You’re in a restaurant at 9:30 p.m ET when your phone pings you with an alert that the Knicks are tied with the Warriors at 101-101.
Do you want to watch the last two minutes for a dollar?
And do you want to place a bet on the game? (And here’s the line.)
That was the scenario laid out during an Advertising Week 2020 webinar last week featuring David Levy, who spent 30 years at Turner television overseeing sports on TNT and TBS as well as other entertainment offerings such as The Cartoon Network.
“That is all going to be happening in the next three to five years — there is no doubt in my mind,” said Levy, who last year served briefly as CEO of the Brooklyn Nets.
Levy is in a position to know. In 2018, Turner’s B/R Live launched a platform allowing NBA fans to watch portions of games for a reduced price.
But what Levy sees coming next is a complete integration with gambling so that a fan who also wants to have a monetary interest in the result does not have to switch over to a different website to find odds and place a wager.
Betting better for all stakeholders
“Betting does one thing: It engages the consumer more,” Levy told moderator John Kosner, president of Kosner Media. “If you bet on anything, you are 98% more likely to watch. That means ratings go up, that means media values go up, that means advertising dollars go up, that means franchise dollars go up.”
Levy is putting his money where his prediction is, holding an investing stake in SimpleBet, a company with fellow investors in Devils and 76ers owners Josh Harris and David Blitzer that seeks to allow for even more in-game betting than already exists.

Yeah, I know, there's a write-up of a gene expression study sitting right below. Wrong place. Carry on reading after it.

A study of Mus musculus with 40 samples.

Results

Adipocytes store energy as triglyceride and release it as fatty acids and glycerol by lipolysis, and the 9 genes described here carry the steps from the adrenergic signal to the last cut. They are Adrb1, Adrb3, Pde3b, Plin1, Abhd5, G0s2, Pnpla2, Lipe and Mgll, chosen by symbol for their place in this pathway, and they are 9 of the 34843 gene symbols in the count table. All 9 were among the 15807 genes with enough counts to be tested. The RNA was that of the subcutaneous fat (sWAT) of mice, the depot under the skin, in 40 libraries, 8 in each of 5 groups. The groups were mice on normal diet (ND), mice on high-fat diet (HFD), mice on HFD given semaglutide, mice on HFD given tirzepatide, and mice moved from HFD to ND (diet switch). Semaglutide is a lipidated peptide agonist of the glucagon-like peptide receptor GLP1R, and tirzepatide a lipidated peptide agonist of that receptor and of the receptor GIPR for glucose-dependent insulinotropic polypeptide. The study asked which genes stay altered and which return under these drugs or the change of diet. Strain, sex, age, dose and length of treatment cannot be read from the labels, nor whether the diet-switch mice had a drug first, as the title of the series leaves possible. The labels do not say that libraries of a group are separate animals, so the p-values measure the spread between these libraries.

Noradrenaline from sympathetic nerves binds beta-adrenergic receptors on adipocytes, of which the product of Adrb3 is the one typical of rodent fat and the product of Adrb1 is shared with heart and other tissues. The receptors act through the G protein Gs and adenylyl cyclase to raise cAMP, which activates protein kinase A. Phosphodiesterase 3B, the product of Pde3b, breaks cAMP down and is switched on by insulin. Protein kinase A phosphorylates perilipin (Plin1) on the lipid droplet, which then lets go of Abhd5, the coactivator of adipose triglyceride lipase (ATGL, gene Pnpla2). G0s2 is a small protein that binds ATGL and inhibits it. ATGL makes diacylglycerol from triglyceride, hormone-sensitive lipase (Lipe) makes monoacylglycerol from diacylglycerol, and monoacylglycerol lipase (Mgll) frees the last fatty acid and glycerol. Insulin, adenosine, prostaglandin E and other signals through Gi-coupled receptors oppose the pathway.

The problem to be solved, Levy said, is “latency,” a lag between the actual play in sporting events and the consumer seeing the play on a broadcast. That limits the live betting options, in some instances, to questions such as “Will a team score in the next half-inning?” or “Which tennis player will win the next game?”
The ultimate goal is a stream that allows viewers to not only watch the game in exact real time, but also to place wagers on the next play or point.
Which sports will shine worldwide?
Levy envisions four sports, in the long run, achieving premier global status.
The first and most obvious is soccer — known as “football” in much of the world.
The second is the NBA, Levy said.
Third is “combat” — some combination of sports such as UFC, boxing, and karate.
Finally, there is eSports, though Levy adds, “The jury is still out on how to make money on it.”
Levy said that eSports currently “is very small in the betting pool of money,” but he expects that to change when its younger-skewing audience gets that real-time wagering opportunity that it would expect.
“The jury is still out on whether TV is the place for eSports,” said Levy, noting that after six months, his young adult son living at home in the age of COVID-19 has yet to turn on the family television. “I could see maybe big tournaments going there, and maybe a dual deal where the event is streamed both on TV and on digital.”